A. IntroductionOur Journey Together on The California Way.
Now in 2015, as Superintendent Torlakson starts his second term, many of the goals identified in the Blueprint report have become reality. With the passage of Proposition 30 in 2012, the fiscal crisis impacting public education in California eased temporarily. But Proposition 30 soon expires, making the search for stable and sufficient education funding a top priority. Financial stability is essential for our state's districts and schools to continue the exciting implementation of the far-reaching changes now under way. These include the implementation of new California Standards,1 the Local Control Funding Formula (LCFF), and the transformation of California's education accountability systems from the "test and judge" methods of the past to the "support and improve" approaches of the future that now have irreversible momentum.
The days of California's reliance on a single standardized test for accountability purposes are over. While we had good intentions, we now recognize that we were using the wrong drivers for positive educational change. The implementation of the LCFF and the new California Standards drive an accountability system that differs from the previous one in almost every respect. Schools and local educational agencies (LEAs) throughout California now have a unique opportunity to reconfigure themselves as learning organizations committed to continuous improvement.
The result of all of this work is emerging as The California Way, which builds on a collaborative team approach to positive education change and is now attracting national attention as an alternative to test-driven reform. The California Way rests on the belief that educators want to excel, trusts them to improve when given the proper supports, and provides local schools and districts with the leeway and flexibility to deploy resources so they can improve. The California Way engages students, parents, and communities as part of a collaborative decision-making process around how to fund and implement these improvement efforts, and provides supplemental resources to ensure that California's English learners (ELs), foster youths, and students in poverty have the learning supports they need.2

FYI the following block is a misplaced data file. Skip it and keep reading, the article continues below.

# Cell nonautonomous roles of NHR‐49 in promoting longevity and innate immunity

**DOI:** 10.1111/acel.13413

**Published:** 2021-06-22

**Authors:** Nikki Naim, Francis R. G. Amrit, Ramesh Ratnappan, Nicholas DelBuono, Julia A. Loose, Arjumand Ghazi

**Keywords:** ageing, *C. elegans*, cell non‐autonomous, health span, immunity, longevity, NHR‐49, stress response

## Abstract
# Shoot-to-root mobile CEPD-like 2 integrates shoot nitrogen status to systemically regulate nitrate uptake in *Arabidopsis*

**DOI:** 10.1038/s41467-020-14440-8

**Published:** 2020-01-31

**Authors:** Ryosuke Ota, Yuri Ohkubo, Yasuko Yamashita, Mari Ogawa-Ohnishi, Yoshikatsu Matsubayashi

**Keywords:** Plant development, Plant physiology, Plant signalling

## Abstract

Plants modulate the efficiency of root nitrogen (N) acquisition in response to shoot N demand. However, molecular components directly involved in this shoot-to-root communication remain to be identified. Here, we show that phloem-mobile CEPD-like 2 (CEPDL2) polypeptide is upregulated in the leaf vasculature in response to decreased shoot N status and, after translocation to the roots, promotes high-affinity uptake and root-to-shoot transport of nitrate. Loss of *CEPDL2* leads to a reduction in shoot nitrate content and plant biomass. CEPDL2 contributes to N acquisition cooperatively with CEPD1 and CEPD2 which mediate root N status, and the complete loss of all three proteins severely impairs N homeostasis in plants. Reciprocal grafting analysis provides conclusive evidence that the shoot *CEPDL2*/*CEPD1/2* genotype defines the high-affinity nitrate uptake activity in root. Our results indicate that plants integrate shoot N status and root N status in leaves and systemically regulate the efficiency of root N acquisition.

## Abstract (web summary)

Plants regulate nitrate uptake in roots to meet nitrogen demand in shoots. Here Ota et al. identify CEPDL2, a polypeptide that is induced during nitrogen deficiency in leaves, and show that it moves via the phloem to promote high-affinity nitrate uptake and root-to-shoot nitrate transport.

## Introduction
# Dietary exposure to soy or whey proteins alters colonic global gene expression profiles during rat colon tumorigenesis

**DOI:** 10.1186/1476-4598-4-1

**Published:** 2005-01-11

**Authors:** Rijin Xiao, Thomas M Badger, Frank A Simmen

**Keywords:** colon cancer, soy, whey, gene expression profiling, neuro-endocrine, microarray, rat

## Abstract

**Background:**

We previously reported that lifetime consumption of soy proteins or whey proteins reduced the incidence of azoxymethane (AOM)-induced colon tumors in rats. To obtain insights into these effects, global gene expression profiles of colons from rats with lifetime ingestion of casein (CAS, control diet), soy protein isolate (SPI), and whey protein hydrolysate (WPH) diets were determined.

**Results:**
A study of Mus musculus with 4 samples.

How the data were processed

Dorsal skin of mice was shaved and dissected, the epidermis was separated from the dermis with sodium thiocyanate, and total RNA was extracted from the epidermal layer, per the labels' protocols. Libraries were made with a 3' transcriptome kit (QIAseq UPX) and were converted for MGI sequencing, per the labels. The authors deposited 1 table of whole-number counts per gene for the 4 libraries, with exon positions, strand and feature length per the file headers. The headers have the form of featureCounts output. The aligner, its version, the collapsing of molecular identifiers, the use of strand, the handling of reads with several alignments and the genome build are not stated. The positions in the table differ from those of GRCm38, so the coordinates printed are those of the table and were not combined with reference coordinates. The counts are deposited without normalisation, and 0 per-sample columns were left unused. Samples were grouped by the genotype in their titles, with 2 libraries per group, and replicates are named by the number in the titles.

Today, the eyes of the nation have shifted appreciatively to our state as The California Way gains momentum. With Governor Jerry Brown, Superintendent Tom Torlakson, the State Board of Education (SBE), the State Legislature, and other key stakeholders fundamentally aligned on the major issues facing public education, we have an exciting and unprecedented opportunity to make meaningful advances together.
We recognize that much work remains to be done. To provide a framework for his next four years in office, Superintendent Torlakson again asked key external advisers and staff at the California Department of Education (CDE) to describe California's Education North Star (see section B) and to develop strategic recommendations that will prioritize and organize the work ahead.3 He asked that this work be undertaken rapidly so that it could provide the basis for detailed strategic planning by the CDE and its partners.
California stands at a crossroads of huge significance. The recommendations in A Blueprint for Great Schools: Version 2.0, when successfully implemented, will provide for great strides along The California Way for our students and the adults that serve them.
- Throughout this document, the term California Standards is used to refer to the full range of standards that describe our state's learning goals for students, including the Common Core State Standards, Next Generation Science Standards, English Language Development Standards, Career Technical Education Standards, Infant/Toddler and Preschool Early Learning Foundations, and future new standards in other subject areas, including history and social science, social and emotional learning, and visual and performing arts.
- Throughout the rest of this document, English learners (ELs), foster youths, and students in poverty will be referred to as "CFF subgroups."
- The Blueprint 2.0 group was co-chaired by Martha Infante, Teacher, Los Angeles USD; David Rattray, Executive Vice President, Los Angeles Area Chamber of Commerce; and Chris Steinhauser, Superintendent, Long Beach USD. See the acknowledgments section for the full list of Blueprint 2.0 team members.